In his memoir, “Hitless Wonder: A Life In Minor League Rock and Roll,” Watershed singer-bassist Joe Oestreich ponders whether touring “mop bucket” bars well past 30 is noble.
Spoiler alert: Watershed is releasing a new album and hitting the road in conjunction with the book.
“By the time I got done writing the book, I was like, you know what? It is pretty cool, everything we’ve done,” Oestreich said. “It is pretty cool that we’re still fighting that battle.”
If Oestreich’s conclusion seems inevitable, his tale is entrancing. “Hitless Wonder” is essential for Columbus music fans, but its appeal is broader. With vivid wordplay and brutal honesty, Oestreich makes his world resonant.
It’s a world most people don’t know, considering how often strangers ask if Oestreich flies to gigs.
“Call it the VH1 ‘Behind the Music’-ization of America,” Oestreich said. “We have a better idea of what it’s like to be Jay-Z than what it’s like to be in a regular band.”
He’ll read from “Hitless Wonder” Wednesday at the Wex. Two days later, Watershed plays The Bluestone to celebrate “Brick and Mortar,” born from a 10-day sleeping-bags-in-the-studio marathon.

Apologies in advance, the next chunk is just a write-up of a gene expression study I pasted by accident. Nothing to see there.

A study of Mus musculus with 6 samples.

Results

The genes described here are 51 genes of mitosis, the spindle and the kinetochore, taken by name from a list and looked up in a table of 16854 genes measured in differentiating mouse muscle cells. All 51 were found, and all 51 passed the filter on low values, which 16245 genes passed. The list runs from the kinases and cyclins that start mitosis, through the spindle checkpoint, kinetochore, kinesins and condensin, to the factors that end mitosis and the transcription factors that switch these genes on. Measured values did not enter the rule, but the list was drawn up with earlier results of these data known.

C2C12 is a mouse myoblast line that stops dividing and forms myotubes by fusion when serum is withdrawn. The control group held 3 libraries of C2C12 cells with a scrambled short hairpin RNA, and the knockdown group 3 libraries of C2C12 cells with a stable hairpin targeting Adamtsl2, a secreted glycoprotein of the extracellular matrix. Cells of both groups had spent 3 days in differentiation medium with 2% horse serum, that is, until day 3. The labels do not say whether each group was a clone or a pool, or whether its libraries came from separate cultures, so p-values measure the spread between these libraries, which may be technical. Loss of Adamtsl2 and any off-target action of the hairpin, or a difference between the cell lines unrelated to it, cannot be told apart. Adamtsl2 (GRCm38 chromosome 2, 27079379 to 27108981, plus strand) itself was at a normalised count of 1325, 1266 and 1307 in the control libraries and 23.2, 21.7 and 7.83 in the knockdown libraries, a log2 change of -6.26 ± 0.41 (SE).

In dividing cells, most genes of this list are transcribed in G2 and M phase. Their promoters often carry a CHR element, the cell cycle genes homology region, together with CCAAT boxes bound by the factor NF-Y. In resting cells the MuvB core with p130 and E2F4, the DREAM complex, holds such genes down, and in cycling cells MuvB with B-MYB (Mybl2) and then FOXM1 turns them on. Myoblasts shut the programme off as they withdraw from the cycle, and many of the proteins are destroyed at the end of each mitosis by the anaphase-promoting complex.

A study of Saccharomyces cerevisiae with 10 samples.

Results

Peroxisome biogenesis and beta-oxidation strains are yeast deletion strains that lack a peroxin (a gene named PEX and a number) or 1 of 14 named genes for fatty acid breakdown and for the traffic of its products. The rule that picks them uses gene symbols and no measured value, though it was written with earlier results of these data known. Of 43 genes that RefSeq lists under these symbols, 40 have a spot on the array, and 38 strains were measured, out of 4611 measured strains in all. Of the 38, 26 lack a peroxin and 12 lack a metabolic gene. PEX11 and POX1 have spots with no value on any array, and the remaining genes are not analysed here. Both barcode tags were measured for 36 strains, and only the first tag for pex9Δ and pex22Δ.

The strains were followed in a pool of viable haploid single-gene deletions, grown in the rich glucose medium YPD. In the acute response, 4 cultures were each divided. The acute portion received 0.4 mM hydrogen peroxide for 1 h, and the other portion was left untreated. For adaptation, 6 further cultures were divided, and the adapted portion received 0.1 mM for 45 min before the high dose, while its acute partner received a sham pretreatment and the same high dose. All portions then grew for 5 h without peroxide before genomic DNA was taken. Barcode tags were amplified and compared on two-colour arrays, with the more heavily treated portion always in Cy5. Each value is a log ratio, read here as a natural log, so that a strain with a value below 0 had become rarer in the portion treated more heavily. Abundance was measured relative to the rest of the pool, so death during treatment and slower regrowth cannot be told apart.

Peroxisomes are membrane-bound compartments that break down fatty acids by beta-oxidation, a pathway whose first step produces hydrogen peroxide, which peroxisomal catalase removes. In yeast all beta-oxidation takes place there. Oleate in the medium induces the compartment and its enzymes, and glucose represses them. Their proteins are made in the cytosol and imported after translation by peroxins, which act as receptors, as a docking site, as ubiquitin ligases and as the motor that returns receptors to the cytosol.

The record carries a book’s worth of subplots: the first Watershed album in six years; the first since Oestreich left Columbus to pursue academia; the first with Whiles frontman Joe Peppercorn in the band, a development that made Oestreich and bandmate Colin Gawel giddy.
It also features clutch drumming from Dave Masica, still reeling from two failed back surgeries and a spinal infection.
“If you would have told me two weeks before we started, would Dave Masica be dead or would he show up and play some of the best drums I’ve ever seen? I would have bet, if you had to pick one, he would have been dead,” Gawel said.
Instead, Masica charged on, just like Watershed.
“Now that I’ve described us as the band that will never quit, now we can never quit,” Oestreich said. “We’re totally screwed.”